Nieuwenhuis (2007) defines Education Development Centres (EDCs) as teacher support centres consisting of activities and services that support the school curriculum and contribute to the teacher content knowledge and skills development. In addition, Johnson and Maclean (2008) suggested that an ideal EDC programme should be built on the foundation of an information infrastructure that includes materials, equipment and facilities, and direct services to teachers. However, EDC activities and services are shaped and influenced by multiple factors contributing to the teacher classroom practices. Attention to the EDC programme is further given to areas like: the organisational support to effect changes in teacher practices; the type of activities and services; learning through technology; and teacher perception towards the EDC activities and service.
Looking more closely at the way EDCs function and noting the benefits of keeping EDCs as teacher support centres, this study explored the EDC activities and services guided by the following sub-questions:
What professional development activities and services do EDCs provide;
What is the rationale behind the development of EDC activities and services;
What is the quality of EDC activities and services in relation to the professional development of teachers;
What are the teachers’ perceptions of EDC activities and services?
The main objective of the study was to establish the extent to which activities and services in Mpumalanga EDCs relate to teacher classroom practices. A sample of 16 teachers responded to the questionnaire designed specifically for teachers while two subject advisors who facilitated activities at the EDCs and two EDC managers were interviewed. Currently the approach to professional development programmes tends to be fragmented. Hence, this study sought to improve the quality of EDC activities and services by alerting programme designers and advising against such a practice.
Furthermore, the intention was to provide feedback to programme designers and encourage the promotion of collegial planning in structuring such offerings. The qualitative study approach followed, used the interview schedule as a primary source to collect data to gather as much evidence as possible and was backed by the teacher questionnaire, field notes and personal journal. The basic logic model guided the planning for the evaluation process in identifying elements to be evaluated and indicated relationship between the components: the input (resources that go into the EDC programme); output (activities the EDC programme undertakes to offer); and the outcome (teacher behavioural changes and benefits that resulted because of the activities conducted). This study focused mainly on the implementation processes to yield intended results.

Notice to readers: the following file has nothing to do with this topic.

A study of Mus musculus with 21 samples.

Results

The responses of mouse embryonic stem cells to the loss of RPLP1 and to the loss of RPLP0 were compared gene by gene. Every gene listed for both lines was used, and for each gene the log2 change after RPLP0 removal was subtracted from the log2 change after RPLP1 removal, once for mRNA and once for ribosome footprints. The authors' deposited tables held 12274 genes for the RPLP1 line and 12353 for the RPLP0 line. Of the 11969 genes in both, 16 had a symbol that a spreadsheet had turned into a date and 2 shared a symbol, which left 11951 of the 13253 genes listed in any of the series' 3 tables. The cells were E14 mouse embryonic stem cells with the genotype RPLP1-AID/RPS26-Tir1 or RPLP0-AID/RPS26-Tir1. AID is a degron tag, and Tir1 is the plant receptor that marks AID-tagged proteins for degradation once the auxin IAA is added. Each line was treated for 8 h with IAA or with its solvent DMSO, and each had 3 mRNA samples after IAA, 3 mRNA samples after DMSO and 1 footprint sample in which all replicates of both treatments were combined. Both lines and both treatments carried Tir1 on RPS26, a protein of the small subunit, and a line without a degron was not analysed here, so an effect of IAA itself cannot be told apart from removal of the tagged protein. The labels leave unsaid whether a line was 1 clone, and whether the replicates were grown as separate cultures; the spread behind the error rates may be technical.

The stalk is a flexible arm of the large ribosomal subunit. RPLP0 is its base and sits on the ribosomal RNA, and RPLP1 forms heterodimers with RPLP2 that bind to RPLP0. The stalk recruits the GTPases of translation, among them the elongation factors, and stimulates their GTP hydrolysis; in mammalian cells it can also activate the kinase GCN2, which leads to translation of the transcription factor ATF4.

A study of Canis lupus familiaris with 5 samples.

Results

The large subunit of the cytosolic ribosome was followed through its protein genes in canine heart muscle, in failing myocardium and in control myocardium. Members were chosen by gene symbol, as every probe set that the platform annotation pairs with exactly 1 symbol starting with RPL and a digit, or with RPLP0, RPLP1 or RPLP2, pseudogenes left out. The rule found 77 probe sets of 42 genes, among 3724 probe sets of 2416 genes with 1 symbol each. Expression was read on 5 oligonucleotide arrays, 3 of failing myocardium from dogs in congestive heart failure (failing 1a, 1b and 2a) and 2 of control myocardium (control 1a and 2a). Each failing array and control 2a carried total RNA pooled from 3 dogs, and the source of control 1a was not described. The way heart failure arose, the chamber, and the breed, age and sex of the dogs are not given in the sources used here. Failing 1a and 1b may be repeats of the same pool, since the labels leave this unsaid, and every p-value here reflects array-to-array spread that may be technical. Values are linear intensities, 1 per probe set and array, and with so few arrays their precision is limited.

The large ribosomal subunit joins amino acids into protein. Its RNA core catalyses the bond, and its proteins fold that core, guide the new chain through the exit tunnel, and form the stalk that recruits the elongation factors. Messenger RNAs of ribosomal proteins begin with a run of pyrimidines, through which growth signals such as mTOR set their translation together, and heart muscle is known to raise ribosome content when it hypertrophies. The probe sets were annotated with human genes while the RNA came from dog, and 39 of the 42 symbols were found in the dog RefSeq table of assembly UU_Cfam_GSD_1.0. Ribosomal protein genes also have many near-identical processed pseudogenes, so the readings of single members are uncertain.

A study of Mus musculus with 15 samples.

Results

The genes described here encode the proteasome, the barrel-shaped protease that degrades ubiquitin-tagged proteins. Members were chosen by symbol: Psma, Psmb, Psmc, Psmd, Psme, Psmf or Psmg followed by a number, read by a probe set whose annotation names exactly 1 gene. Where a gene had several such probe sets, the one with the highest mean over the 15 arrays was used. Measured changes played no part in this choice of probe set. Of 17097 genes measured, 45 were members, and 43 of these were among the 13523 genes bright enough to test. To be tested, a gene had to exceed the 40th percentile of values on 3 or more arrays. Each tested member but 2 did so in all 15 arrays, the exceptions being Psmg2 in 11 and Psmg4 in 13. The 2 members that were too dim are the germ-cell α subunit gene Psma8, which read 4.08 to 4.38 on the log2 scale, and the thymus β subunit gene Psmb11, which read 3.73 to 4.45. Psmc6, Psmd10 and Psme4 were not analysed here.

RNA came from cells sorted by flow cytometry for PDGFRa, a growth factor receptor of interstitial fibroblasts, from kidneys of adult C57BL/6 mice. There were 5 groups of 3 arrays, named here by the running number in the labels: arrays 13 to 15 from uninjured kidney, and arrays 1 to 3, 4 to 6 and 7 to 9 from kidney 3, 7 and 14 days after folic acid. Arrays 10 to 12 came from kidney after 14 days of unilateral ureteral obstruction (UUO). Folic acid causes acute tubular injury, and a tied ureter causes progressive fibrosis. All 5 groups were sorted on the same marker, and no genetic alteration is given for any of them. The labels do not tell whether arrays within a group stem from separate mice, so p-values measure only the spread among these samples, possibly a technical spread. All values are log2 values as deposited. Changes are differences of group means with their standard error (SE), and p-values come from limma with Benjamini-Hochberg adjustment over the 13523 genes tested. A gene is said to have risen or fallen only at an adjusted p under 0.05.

The study identified various factors as significant to deliver quality activities and services to enhance teacher knowledge and develop skills: creation of realistic centre vision, develop quality activities to integrate content knowledge and pedagogical skills, promote teacher collaboration and active participation; and designing coherent activities aligned to the schools improvement strategies to meet teachers’ need. Workshops were facilitated in a reform approach allowing active participation of teachers, for example, simulations in computer lessons and science experiments. However, the inadequate resources and EDC financial constraints limited the quality of activities and services.
Nonetheless, EDC activities and service possessed the quality to enhance teacher knowledge and skills, if they are designed to incorporate the research based key features (Haslam, 2008). Furthermore, the study noted that EDCs play a critical role in shaping the activities and services by designing reform activities, creating pedagogical space for teachers to come together and providing teaching and learning material including technological tools, like Internet, to advance with curriculum changes and spare teachers’ time and cost for travelling to meeting venues.